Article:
Jeremy Way is the CEO of Greenpower, a nonprofit education trust. The organization runs an event in the UK, sponsored by the global engineering company Renishaw. The event challenges students to design and fabricate functioning electric vehicles. We spoke to Way to learn more about this event.

Digital Engineering: Can you provide an overview of the Greenpower Electric Car Challenge?

Jeremy Way: Greenpower’s first event was in 1999. Since then, the initiative has grown significantly. In the UK, we now work with over 600 schools and organizations, involving 10,000 students.

The Greenpower project involves teams designing, building and racing fully functioning electric vehicles. The aim is to introduce young people, aged 9 to 25, to an engineering environment.

In 2016, the number of people involved in all three age categories—IET Formula Goblin, IET Formula 24 and IET Formula 24+—increased. We also continued to expand into new regions, holding the first events in North Wales, South Wales and Luton.

Renishaw apprentices raced to success at Greenpower event in 2016. Image courtesy of Renishaw.

Renishaw apprentices raced to success at Greenpower event in 2016. Image courtesy of Renishaw.

A total of 36% of Greenpower participants are female, which is impressive for a science, technology, engineering and math (STEM) project.

Greenpower began licensing its program abroad in 2015. Successful programs now run in Spain, China, Poland and the US. In the US, there are 96 IET Formula 24 teams and 20 IET Formula Goblin teams. We’ve also seen a growing interest globally, including in Indonesia, Thailand, Singapore and Malaysia.

DE: Can you tell us about some of the designs that are part of the event and how they came to be?

Way: In 2016, for the first time in 12 years of the Goblin category, we launched a new kit car, which we are excited to start seeing on the tracks in 2017. We released our Goblin G2, a second-generation kit car, which is designed and manufactured by KMF in Staffordshire, UK. The assembly process and appearance has made it more appealing to primary schools.

Recently, we asked one of our expert teams to design and build a demonstration car to show how the process does not need to be costly or time-consuming.

Each team designs its own electric car over the course of the season. The teams make numerous modifications to the cars to improve performance.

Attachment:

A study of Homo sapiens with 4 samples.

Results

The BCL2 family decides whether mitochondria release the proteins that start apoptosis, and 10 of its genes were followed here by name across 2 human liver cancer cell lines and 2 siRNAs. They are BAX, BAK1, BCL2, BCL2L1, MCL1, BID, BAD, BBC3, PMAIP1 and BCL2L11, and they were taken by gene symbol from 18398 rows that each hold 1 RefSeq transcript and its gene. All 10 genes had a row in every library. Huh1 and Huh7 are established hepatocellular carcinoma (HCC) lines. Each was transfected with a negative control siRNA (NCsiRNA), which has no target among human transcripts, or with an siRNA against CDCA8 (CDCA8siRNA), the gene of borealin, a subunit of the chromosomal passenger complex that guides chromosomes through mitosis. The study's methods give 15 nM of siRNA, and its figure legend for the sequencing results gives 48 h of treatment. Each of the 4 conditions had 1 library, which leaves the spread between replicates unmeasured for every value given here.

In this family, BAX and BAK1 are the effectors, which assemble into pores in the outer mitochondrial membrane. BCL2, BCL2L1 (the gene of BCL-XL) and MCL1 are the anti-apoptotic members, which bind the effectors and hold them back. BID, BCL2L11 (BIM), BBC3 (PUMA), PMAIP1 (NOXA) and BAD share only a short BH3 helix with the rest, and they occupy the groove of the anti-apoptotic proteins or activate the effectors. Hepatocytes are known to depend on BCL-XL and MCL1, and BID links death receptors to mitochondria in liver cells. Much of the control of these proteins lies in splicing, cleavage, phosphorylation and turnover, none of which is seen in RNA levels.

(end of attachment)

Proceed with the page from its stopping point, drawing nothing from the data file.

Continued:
For example, in 2016, the Renishaw team used Siemens NX software, particularly for performing aerodynamic analysis and part simulations. The software enabled the team to use CAD models, test aerodynamics virtually and ensure there were no mechanical incompatibilities.

To improve the aerodynamic performance of the car, the team reduced turbulence behind the driver’s head by using helmet fairings. Another design improvement was (use of) a round nose cone on the front of the vehicle for better aerodynamics with crosswinds. These would not have been achievable without the software and design expertise of the Renishaw team.

The team also prioritized gearing. Using a gearing system allows drivers to adjust current usage during the race in reaction to changes in conditions and to the different tracks, thus improving the performance of the car. One of the team’s main electronic innovations was the creation of a smartphone display function, which allowed the driver to make appropriate gear choices.

One of the team’s main electronic innovations was the creation of a smartphone display function, which allowed the driver to make appropriate gear choices. The display showed the voltage and current draw during the race. Information could be relayed from an Arduino through a Bluetooth module to the Android smart phone. This meant the driver was able to adjust to use more or less power as appropriate by changing gear to suit the immediate conditions.

In the 2016 Greenpower finals, held at Rockingham Motor Speedway, the Renishaw team of graduates and apprentices achieved first and second place in the Silverline Corporate Challenge.

DE: Can you provide some examples of what the initiative has produced?

Way: In a recent survey, 95% of primary school-aged participants commented that, because of Greenpower, finding out how things work is interesting, which shows the impact the program has had on almost all participants.

More Info

Greenpower

Renishaw

Siemens PLM Software

In related news, visit a news story about Renishaw’s sponsorship of a Cardiff racing team from Cardiff University in the UK.

About Jim Romeo

Jim Romeo is a freelance writer based in Chesapeake, VA. Send e-mail about this article to DE-Editors@digitaleng.news.